Slope: No ‘conclusive evidence’ tying $4 million Solana hack to its own security flaw

Quick Take

  • Slope has acknowledged that it had a security flaw.
  • Yet it says there’s no conclusive evidence that this flaw caused the major Solana hack.

Slope Finance says there is no “conclusive evidence” tying the major Solana hack to the wallet's own security flaw, according to a statement by the Solana wallet provider on Thursday. It is still investigating the attack but said that auditors are nearing their conclusions.

Slope wallet users — and others — were victims of a malicious exploit earlier in August that led to the theft of over $4 million in solana (SOL) tokens from more than 9,000 addresses. Solana researchers traced the hack to a vulnerability in the Slope mobile wallets where seed phrases were stored in plain text.

Even though Slope acknowledged there was indeed a vulnerability, it remains skeptical that this was the cause of the hack.

According to Slope, while the security flaw did exist, the number of wallet addresses drained in the attack exceeded the number of Slope's compromised addresses. Plus it only found that 1,444 of its compromised addresses were drained, far fewer than the total number that were drained.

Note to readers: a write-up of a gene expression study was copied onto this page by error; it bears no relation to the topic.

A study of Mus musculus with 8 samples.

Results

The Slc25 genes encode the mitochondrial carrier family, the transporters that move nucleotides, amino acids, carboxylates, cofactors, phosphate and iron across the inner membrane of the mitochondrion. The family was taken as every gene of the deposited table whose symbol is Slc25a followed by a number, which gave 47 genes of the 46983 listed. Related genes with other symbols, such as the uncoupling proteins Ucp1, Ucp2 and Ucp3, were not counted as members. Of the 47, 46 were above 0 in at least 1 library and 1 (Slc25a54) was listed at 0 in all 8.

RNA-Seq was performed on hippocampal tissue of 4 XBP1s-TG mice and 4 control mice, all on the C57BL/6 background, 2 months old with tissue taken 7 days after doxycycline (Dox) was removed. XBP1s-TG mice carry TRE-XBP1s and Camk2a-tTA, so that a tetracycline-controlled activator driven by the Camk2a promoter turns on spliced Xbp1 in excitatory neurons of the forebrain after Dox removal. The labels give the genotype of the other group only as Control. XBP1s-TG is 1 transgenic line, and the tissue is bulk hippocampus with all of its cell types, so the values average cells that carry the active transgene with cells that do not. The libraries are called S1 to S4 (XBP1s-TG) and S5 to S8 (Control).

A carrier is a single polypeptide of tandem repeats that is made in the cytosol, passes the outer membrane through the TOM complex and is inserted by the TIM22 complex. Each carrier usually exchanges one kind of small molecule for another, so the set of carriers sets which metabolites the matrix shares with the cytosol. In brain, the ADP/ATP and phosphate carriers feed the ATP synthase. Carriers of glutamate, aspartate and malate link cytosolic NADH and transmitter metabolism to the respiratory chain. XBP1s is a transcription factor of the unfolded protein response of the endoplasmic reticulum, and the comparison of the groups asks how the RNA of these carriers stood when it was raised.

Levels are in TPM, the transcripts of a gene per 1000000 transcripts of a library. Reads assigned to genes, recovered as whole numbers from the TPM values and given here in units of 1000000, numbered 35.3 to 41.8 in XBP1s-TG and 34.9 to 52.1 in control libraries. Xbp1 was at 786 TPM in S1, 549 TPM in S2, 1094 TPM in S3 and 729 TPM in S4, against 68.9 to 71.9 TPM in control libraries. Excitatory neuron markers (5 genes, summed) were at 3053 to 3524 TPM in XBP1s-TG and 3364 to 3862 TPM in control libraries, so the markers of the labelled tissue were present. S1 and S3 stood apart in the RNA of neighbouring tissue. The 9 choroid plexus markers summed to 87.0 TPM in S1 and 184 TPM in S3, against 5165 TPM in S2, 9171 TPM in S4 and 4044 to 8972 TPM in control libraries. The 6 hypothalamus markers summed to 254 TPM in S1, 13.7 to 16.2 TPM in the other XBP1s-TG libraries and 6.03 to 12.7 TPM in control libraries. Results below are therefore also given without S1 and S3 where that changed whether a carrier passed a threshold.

The Solana wallet provider also stated that, despite the vulnerability, access to the server — where the seed phrase information was stored in plain text — was protected by end-to-end encryption. This server also had an additional three-factor authentication protocol set up for granting access, the statement added.

Based on these reasons, Slope said, "there is no conclusive evidence from the auditors to link the Slope vulnerability to the exploit."

Slope said its investigations did not find any additional security issues. As such, the wallet provider says the latest patched version of the Slope wallet is safe for use. Slope did, however, decry the events of last week in its statement adding that the existence of the security flaw alone was enough to put user funds in danger.

“This is nowhere near the security standard that Slope set out to establish and maintain, and we are deeply regretful of these occurrences. Security is paramount to us, and our user base is everything. We should never have let this happen,” today’s announcement stated.

Following the hack, Slope offered a 10% bounty to the attackers if they returned the stolen funds.